Duty-free treatment of imports from all countries benefiting from the Generalized System of Preferences could be jeopardized by the Trump administration’s approach to reviewing GSP eligibility, a recent letter from hundreds of companies and trade groups warned. Nicole Bivens Collinson, head of Sandler, Travis & Rosenberg’s government relations practice, said companies that import under GSP should participate in ongoing country eligibility reviews to protect their interests.
President Trump announced March 4 his intent to terminate the GSP eligibility of India, for insufficient market access, and Turkey, based on its level of economic development. However, an April 4 letter to leaders of the Senate Finance and House Ways and Means committees expressed “grave concerns” about the president’s decision, which could take effect as soon as May 4, and challenged his reasoning. Specifically, the letter said, India reportedly offered significant proposals that would improve U.S. market access for a range of products and industries, which appears to be consistent with the GSP eligibility criterion requiring “assurances of reasonable and equitable treatment.” In addition, the letter said, the World Bank has found that Turkey’s gross national income per capita declined each year from 2014 to 2017 and that further declines are expected in 2018, when the country entered recession.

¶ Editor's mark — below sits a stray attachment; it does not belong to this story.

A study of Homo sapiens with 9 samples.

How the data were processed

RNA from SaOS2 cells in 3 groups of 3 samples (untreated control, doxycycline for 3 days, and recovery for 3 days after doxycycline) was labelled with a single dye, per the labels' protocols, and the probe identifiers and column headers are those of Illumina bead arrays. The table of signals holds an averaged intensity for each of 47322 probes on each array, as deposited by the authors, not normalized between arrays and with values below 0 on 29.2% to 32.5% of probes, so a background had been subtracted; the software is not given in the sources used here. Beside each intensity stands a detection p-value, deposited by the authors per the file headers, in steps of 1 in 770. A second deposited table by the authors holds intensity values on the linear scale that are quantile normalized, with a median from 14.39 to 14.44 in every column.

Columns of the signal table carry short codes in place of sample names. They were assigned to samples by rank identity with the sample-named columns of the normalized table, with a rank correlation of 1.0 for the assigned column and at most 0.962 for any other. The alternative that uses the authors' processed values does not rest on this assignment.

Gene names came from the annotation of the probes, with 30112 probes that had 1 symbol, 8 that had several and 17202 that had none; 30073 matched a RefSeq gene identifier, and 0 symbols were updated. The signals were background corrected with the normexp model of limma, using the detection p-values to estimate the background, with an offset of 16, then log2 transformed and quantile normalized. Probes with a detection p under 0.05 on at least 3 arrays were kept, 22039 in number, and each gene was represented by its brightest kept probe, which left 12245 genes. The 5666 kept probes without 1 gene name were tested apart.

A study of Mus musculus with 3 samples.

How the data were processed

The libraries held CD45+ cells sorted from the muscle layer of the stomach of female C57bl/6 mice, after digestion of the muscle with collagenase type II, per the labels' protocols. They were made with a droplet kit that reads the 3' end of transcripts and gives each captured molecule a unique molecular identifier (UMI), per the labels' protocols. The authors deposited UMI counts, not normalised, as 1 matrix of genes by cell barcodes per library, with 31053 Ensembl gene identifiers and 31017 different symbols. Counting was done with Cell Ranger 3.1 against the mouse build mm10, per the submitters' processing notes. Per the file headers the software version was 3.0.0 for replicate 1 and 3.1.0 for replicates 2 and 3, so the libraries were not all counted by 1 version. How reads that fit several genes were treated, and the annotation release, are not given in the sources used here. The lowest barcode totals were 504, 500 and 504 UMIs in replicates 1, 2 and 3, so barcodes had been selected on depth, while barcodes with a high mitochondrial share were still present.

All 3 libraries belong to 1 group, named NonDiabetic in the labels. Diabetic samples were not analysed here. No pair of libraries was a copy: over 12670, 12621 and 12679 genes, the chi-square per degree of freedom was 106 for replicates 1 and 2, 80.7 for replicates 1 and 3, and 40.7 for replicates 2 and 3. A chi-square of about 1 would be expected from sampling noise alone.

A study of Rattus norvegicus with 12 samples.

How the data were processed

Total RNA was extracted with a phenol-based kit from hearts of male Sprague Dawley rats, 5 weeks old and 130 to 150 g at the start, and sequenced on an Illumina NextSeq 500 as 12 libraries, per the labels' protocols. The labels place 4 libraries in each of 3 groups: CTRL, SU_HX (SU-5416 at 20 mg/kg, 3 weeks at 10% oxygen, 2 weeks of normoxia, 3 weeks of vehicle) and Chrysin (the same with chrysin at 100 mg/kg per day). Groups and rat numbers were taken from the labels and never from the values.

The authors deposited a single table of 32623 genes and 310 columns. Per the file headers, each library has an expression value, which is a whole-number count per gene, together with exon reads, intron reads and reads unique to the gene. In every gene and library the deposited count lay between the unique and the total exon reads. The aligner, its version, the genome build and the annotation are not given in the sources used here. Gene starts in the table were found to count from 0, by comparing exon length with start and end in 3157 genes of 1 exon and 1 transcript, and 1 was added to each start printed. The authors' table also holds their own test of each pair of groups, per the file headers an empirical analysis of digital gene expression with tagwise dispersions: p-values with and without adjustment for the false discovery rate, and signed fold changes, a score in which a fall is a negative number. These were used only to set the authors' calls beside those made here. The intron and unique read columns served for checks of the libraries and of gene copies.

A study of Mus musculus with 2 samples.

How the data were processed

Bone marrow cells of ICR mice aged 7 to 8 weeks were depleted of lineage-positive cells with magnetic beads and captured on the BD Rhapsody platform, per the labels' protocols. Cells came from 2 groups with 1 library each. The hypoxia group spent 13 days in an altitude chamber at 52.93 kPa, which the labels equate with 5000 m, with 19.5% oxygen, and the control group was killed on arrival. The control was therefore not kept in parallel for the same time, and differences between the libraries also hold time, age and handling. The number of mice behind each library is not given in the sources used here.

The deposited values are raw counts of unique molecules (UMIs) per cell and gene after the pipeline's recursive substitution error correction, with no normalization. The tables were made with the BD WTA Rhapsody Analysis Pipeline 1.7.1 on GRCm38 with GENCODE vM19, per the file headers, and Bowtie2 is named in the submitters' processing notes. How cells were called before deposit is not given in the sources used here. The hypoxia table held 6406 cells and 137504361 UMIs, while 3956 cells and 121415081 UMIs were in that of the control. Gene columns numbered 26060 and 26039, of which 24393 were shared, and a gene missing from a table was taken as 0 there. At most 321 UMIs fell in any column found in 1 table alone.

The letter also raised concerns about the Trump administration’s broader approach to GSP, particularly its use of country practice reviews, which “threatens to undermine Congress’ intent in reauthorizing GSP and the benefits to program users.” About one-third of GSP savings for U.S. importers, which totaled a record $1.03 billion in 2018, would be eliminated if India and Turkey are removed from the program, the letter said. Another third is at risk from ongoing reviews of eight other beneficiary countries, such as Indonesia and Thailand, where “decisions could be announced at any time.” Still more benefits, including for countries in Europe and the Western Hemisphere, could be jeopardized if the administration initiates new country practice reviews as part of its ongoing annual review of GSP.
Indeed, the letter concludes, if the administration “chooses to terminate GSP benefits despite efforts from beneficiary countries to address U.S. concerns, and can graduate countries based on positive economic development when data suggest otherwise, what countries’ benefits are not at risk?”
The letter therefore asks the legislative leaders to request that the administration delay any changes with respect to India and Turkey beyond May. This would give Congress time to work with the administration to ensure that these and other decisions affecting GSP “follow both the letter and the spirit of the law.”
But the Trump administration’s tighter scrutiny of GSP enforcement applies to products as well as countries, Collinson said. Importers making GSP claims at entry should therefore closely review their manufacturing operations and documentation procedures to ensure compliance with program requirements.
For more information on possible GSP changes and how to ensure your company’s interests are protected, please contact Nicole Bivens Collinson at (202) 730-4956.